Using Social Media to Screen Employees: Are There Legal Risks?
With the dramatic increase in the number of unemployed workers during the past few years, it has become more important than ever for companies to make solid, well thought out hiring decisions. The rise of social networking on the Internet has made it easier than ever for companies to investigate the backgrounds and personal lives of their potential employees.
But how far is too far when it comes to researching a potential employee on the Web?
For decades, employee hiring decisions were made primarily on the basis of rèsumès, applications, the interview process, references, education, and, in more recent years, drug tests.
Even though people have been putting their personal information on to the Internet for more than 15 years now, it’s only been the recent rise of social media websites that have resulted in businesses using the Web as an increasingly important tool in their hiring arsenal.
While sites such as LinkedIn were created expressly for the purpose of sharing business-related information between friends, co-workers and associates, other sites such as Facebook have a decidedly more personal slant.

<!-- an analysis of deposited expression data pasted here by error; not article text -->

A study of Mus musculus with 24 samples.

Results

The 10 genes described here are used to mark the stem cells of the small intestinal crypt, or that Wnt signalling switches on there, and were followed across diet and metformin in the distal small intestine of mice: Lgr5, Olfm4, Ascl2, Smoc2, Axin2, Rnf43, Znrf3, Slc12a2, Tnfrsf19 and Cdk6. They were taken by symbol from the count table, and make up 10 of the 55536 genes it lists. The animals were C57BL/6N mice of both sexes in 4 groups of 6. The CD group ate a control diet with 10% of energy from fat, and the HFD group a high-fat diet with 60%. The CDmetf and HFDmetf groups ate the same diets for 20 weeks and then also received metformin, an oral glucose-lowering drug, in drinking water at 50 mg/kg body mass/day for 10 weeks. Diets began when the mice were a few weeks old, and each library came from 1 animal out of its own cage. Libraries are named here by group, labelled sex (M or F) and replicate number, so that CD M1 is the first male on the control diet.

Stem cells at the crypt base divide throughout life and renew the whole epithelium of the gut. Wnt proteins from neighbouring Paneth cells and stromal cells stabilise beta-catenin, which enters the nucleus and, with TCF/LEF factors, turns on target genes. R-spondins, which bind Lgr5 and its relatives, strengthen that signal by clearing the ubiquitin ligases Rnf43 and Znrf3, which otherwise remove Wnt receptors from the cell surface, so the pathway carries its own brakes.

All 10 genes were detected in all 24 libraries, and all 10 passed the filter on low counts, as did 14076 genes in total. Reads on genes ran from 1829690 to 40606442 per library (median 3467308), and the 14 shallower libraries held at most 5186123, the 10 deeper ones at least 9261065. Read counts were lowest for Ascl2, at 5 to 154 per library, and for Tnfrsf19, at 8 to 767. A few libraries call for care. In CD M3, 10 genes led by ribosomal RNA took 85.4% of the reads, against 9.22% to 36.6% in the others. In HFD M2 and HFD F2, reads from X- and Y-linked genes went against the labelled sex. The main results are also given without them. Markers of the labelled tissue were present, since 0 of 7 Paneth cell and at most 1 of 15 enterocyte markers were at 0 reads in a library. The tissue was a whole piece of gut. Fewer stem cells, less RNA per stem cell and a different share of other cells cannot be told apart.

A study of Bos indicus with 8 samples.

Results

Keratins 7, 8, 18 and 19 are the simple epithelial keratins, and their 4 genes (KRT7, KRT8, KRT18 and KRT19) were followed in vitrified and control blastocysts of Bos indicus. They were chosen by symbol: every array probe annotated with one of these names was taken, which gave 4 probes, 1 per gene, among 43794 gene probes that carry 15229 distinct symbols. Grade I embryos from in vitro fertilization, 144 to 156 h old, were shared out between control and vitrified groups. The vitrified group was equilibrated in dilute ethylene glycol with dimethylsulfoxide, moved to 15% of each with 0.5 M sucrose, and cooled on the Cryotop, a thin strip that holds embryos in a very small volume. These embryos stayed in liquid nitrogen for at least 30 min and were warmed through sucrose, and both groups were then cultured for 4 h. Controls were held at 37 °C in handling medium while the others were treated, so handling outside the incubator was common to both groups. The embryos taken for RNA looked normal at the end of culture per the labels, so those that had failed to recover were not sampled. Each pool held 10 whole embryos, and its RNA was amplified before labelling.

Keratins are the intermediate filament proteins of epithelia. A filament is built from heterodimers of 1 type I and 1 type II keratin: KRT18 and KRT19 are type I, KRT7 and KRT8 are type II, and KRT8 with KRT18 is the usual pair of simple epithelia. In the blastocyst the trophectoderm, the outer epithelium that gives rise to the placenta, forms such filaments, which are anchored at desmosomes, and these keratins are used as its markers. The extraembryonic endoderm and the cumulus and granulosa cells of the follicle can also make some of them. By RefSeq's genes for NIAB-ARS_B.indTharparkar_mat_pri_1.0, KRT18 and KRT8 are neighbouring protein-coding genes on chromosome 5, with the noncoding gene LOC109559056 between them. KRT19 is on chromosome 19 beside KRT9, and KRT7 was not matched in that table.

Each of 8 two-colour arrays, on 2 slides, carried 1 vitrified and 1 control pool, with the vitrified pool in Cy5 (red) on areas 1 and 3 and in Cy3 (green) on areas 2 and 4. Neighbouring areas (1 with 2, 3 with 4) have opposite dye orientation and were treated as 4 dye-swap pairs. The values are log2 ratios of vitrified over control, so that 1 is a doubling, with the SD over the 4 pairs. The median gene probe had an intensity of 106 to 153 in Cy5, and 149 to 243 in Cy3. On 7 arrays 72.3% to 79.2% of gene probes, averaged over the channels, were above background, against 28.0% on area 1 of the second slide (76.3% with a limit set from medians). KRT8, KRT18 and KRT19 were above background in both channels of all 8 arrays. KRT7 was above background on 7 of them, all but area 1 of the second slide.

As is often the case with the breakneck speed of change in technology, the legal system is lagging years behind in establishing a new framework for what is legal vs. what is illegal when it comes to determining the line between personal privacy and an employer’s right to know.
Because companies are still operating in largely uncharted waters, it’s important for them to be aware of the potential risks involved with probing a potential employee’s information online.
Employers should proceed with great caution when it comes to tactics such as setting up fake friend requests, or setting up fake accounts in order to “spy” on applicants activities. It’s very possible that the courts may not view this as legitimate permission for the employer to review personal information
An even bigger potential issue lies in using personal information gleaned from an applicant’s online information to potentially make illegal hiring decisions based upon items such as religion, race, sexual orientation, marital status or a number of other factors. In this particular case, ignorance is bliss – even from a legal standpoint.
While the rise in social media has provided companies with more potential information than ever before about the people they wish to hire, great caution must still be exercised in order to keep the employer on the right side of the law. Proceed with caution.
If you need help vetting candidates for your Washington Metro-area construction, engineering or architecture firm, call on RealStreet Staffing for help. We can help with your entire recruiting process, from placing job listing, to reviewing rèsumès, to conducting background checks and preliminary interviews. We look forward to hearing from you.